What a different and strange religion Christianity would be if Jesus had directed us to build stronghold churches and then just wait for people to show up. Yet in many ways, I believe this is what a lot of churches in the West are doing much of the time. The old adage from a famous baseball movie rings in my head: “If you build it, they will come.” But are parishioners actually coming?
It’s fascinating when we look back at the life and times of our Lord and Savior. For much of his life, God’s son had a mobile ministry. We recall that before Jesus was even born, his parents were called back to Bethlehem to the place of Joseph’s ancestry in order to fulfill an order for the Roman census. Each family had to return to their place of origin to be counted. Although the Biblical text glosses over how difficult this must have been, some manuscript scholars have theorized it was close to a ninety-mile trip. Mary was very pregnant, and this was before trains and automobiles. The trip was difficult I’m sure, and the landscape was often dangerous.
This story about traveling a long distance and then being turned away at the Inn ended up with the birth of a king in a manger of course, and for that we celebrate the Advent season every year. The Gospel of Luke mentions their trip briefly. Luke 2:4 says, “So Joseph also went up from the town of Nazareth in Galilee to Judea, to Bethlehem the town of David, because he belonged to the house and line of David.” Something tells me that this young couple didn’t have much of a choice in the matter. When the Romans tell you to go somewhere - you go.
After Jesus got older and formally began his ministry, Biblical texts give an account of him traveling all over Galilee and going to churches and homes to preach. Matthew 4:23 says, “Jesus went throughout Galilee, teaching in their synagogues, proclaiming the good news of the kingdom, and healing every disease and sickness among the people.”
Once again, we have this notion that in order to get the word out ... Jesus had to move around and take the initiative. He didn’t wait for the people already in the synagogue or out on the streets to come to him; instead he went on a kind of sanctified tour. It is also worth mentioning that he preached with such authority that it completely baffled the Jewish ruling party. The Pharisees couldn’t wrap their heads around how someone who hadn’t studied with them could end up knowing so much about God. Almost as if he had an inside scoop.
Think about your own situation today. If you want something to happen, then you need to get up and get going. If it’s time to get a new job for example, then you start making phone calls and looking through job postings. You often end up traveling for interviews as well. Typically staying at home and sitting around doesn’t lend itself well to engaging new horizons. You have to move.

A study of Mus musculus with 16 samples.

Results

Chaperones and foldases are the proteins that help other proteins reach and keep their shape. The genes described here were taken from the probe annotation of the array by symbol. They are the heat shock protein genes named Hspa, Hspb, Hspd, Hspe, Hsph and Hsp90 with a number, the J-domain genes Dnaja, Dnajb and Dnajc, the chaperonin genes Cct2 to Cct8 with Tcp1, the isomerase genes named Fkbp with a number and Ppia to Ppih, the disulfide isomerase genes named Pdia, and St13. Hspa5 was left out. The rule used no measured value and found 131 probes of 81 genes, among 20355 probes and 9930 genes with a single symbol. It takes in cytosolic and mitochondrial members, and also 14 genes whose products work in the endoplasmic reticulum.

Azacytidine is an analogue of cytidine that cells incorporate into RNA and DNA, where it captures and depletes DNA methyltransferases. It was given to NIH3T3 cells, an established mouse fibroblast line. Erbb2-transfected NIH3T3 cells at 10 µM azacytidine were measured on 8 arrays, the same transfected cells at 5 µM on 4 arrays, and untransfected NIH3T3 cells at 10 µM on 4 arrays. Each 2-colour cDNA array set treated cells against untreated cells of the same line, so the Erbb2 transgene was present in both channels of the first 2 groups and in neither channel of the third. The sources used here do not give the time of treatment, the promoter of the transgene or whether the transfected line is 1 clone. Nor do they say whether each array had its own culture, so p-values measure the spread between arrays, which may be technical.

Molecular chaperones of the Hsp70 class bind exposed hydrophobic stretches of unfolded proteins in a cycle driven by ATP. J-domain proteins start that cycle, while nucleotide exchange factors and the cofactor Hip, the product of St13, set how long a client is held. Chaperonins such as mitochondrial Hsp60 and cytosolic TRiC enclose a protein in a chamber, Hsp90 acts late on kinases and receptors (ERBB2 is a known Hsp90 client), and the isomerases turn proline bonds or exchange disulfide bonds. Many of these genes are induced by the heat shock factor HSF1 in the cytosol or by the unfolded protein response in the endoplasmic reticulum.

Finally, you will notice also that Jesus’ disciples and followers had the same challenge. The book of Acts records the followers of Christ moving from place to place. The Gospel accounts record that occasionally Jesus and his followers would become so overwhelmed from the work of ministry that they had to escape and get away to a ‘quiet place’ where the Lord could pray and meditate.
The apostle Paul famously traveled around and began defending Christianity as well. He stood before kings and procurators, always willing to testify and lend credence to God’s incarnate son. Sometimes this would even land him in prison, and once in a shipwreck!
It seems then, that effective ministry is always in motion. Jesus led, and people followed. No standing still, and no resting on their laurels. People who work in ministry know that sometimes there is no rest for the weary, and there is no shortage of folks who need spiritual leadership and compassion. Ministry will take as much as you are willing to give. Jesus knew this also, and accounted for it with occasional, short rest periods.
We are accustomed to hearing about the Great Commission. Indeed, it is more or less the mission of the modern church. Matthew 28:19-20 recounts this narrative quite well. It says, “Therefore go and make disciples of all nations, baptizing them in the name of the Father and of the Son and of the Holy Spirit, and teaching them to obey everything I have commanded you. And surely I am with you always, to the very end of the age.”
Notice that we are told to go and do. To make disciples and to baptize them in the name of Trinity. This takes effort and time of course, but I think it also requires us to be mobile. To evangelize while we are moving about in the public arena - not just waiting in church buildings for people to come visit.
We would have an entirely different religion if the Great Commission commanded us to “build it, and they will come.” This would be a faith of waiting and watching. Instead, what we are called to do is be proactive in our approach. Yes it is wonderful when people come to us, but think back to your own life for a moment. More often than not, didn’t someone have to come after you first?